Gorman had his first bare-knuckle fight at the age of 12.
When he won the title of Bareknuckle Champion of Great Britain and Ireland, having beaten rival Jack Fletcher in a fight at a quarry, he was aged 28, was 6 ft 9 in (2.06 m) tall and weighed 25 1⁄2 stone (162 kg).
On St Leger day in 1976, Gorman was ambushed by an armed mob and almost killed. He had turned up expecting to fight a challenger by the name of Ricky 'Top Hat' Donahue, but was set upon by the group, who had reportedly been paid £25,000 to carry out the attack. Bartley detailed in his book that "I showed up at 10.30am, the agreed time, but he (Donahue) was no where to be seen. Then from out of no where 25 guys appeared with crowbars and bricks. I was beaten senseless and I soiled my self. They stuck a crowbar down my throat and broke it." After the attack it took Bartley almost 7 years to return to form. "I started fighing the local children to regain my strength and confidence, then moved on to the elderly, then women and then men."
Retirement and death
Gorman claimed to remain unbeaten until his retirement from boxing in 1992, with his last fight being a draw with Graeme O'Laughlan (Kennedy), the diminutive one armed Celtic brawler. This is heavily disputed as Gorman has no less than 15 official losses, 3 to women. Gorman was known to bend the truth and 'would never let the truth get in the way of a good story' Gorman also claimed that he was the fist gypsy to own a pair of adidas trainers and that he invented the colour burgundy. A 100-minute documentary about Gorman was made by Shane Meadows in 1995, Meadows said of Gorman - "no doubt in his day he was a very tough man, but when i met him he was past that. He stunk, he was constantly drunk and he stole my coat. I would never work with Gorman again."; Gorman lived in a caravan on grounds that had featured in the documentary. Gorman was illegally building a house in Uttoxeter in an elderly couples back garden, but died of liver cancer in January 2002 before it was finished. He was 57 years old. Hundreds of gypsies from across the country came to the town for his funeral, all of whom had beaten Gorman at one time or another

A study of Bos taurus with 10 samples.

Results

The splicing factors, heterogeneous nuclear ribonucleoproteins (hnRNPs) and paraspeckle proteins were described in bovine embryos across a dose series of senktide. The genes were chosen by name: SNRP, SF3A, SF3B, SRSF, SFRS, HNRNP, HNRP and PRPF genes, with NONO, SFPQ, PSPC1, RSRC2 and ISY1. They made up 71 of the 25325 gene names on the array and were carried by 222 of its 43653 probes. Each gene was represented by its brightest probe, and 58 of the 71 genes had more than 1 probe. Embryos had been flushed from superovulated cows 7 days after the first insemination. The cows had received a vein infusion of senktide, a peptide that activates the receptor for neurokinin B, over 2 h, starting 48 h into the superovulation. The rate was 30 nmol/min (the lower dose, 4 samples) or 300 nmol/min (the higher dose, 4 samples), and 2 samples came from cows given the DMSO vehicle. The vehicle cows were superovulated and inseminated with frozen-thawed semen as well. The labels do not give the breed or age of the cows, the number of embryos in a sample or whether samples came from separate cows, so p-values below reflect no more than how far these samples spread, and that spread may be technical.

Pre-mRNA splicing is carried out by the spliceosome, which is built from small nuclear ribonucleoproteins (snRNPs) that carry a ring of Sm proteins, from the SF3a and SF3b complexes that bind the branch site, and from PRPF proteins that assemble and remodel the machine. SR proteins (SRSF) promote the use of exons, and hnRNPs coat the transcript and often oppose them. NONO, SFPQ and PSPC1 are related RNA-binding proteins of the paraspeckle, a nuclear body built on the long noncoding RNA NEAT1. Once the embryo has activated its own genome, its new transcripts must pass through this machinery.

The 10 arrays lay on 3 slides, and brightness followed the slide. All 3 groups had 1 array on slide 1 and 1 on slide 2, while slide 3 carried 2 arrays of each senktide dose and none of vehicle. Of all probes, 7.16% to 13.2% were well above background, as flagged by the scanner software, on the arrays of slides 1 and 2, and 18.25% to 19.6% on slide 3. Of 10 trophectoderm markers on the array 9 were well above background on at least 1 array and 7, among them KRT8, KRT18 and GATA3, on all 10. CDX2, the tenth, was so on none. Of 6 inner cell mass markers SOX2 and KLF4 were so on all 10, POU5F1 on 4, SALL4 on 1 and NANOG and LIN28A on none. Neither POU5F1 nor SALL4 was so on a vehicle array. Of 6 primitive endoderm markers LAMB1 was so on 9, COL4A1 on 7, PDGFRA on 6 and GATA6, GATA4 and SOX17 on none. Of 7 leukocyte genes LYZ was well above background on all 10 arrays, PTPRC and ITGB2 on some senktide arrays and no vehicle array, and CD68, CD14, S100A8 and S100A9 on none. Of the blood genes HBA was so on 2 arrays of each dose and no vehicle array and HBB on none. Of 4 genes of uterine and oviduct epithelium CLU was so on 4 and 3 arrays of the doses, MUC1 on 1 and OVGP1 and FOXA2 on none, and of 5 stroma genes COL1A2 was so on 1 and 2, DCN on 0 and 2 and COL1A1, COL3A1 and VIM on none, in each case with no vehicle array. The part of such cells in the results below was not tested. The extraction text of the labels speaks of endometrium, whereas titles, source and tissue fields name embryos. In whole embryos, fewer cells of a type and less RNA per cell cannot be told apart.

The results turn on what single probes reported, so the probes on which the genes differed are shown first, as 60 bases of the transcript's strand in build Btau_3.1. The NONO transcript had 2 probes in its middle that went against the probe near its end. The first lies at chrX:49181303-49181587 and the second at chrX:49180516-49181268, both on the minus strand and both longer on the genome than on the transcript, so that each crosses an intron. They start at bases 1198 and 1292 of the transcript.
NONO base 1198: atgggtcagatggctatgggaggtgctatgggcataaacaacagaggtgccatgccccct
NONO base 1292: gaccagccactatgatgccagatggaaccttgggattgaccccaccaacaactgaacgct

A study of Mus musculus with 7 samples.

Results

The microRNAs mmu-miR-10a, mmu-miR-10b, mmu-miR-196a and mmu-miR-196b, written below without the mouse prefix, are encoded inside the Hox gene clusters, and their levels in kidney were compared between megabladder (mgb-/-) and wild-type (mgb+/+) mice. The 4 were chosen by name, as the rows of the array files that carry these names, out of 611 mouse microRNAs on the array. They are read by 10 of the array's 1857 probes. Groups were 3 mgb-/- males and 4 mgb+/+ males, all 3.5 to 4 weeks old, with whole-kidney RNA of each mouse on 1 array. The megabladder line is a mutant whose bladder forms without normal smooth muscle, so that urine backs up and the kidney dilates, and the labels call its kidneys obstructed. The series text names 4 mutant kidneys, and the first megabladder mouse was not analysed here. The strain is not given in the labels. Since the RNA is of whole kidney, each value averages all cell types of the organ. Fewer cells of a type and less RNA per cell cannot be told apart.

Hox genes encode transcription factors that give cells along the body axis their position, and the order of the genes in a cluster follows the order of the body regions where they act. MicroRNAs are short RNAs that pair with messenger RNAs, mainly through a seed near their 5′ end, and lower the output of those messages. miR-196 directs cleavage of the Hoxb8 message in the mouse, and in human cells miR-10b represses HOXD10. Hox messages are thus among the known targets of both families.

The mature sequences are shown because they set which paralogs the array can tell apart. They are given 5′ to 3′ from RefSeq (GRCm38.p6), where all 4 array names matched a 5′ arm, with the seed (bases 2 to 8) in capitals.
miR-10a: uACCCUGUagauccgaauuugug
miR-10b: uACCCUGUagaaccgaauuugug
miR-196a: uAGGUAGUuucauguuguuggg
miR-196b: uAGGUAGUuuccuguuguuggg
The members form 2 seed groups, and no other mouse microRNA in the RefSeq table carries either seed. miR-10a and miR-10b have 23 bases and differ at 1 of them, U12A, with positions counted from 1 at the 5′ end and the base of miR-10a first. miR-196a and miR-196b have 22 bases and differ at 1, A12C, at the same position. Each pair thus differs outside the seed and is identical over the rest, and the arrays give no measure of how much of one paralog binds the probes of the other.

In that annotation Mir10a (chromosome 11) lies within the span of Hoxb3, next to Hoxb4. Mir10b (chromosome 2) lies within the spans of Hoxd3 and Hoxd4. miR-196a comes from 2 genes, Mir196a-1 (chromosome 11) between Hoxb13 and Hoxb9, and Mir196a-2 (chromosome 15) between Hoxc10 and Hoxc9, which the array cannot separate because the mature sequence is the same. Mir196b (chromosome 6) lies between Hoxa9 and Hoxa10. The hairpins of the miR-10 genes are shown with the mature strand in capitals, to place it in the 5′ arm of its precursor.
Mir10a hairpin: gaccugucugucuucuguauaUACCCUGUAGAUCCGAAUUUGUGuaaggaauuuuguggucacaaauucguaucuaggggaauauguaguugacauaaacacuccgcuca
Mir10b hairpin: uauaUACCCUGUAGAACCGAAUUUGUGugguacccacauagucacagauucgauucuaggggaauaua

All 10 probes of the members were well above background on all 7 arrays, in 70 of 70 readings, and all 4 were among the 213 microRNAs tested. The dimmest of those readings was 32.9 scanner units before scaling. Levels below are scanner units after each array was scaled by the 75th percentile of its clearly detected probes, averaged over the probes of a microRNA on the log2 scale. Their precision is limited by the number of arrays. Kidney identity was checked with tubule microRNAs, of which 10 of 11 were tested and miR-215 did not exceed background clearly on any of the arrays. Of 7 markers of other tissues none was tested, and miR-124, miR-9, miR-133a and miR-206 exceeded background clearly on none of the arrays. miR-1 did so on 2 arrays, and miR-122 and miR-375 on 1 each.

In popular culture
For the 2012 film The Dark Knight Rises, actor Tom Hardy revealed that he used Gorman's voice as one of the inspirations for the accent of Bane. Gorman has also been cited as the main inspiration for professional wrestler Wade Barrett's finishing move, the Bull Hammer Elbow.
Gorman's biography 'King of the Gypsies', written with the help of Peter Walsh, was completed just before Gorman's death. Gorman tells an uncompromising but touching story of a man compelled by the weight of his own violent family history to fight and suffer pain. The book reveals that he was only nine years old when he first witnessed the misery that violence brings. Bartley saw his uncle killed by one punch thrown by a rogue showman. Much of the book is taken up with tales of brutal fights at fairs, racecourses and bars.
Shane Meadows filmed a documentary entitled King of the Gypsies interviewing Gorman about his life in 1995. The 1999 Comedy Drama 'A Room for Romeo Brass' featuring Paddy Considine who played the part of Morrell based his accent on Gormans.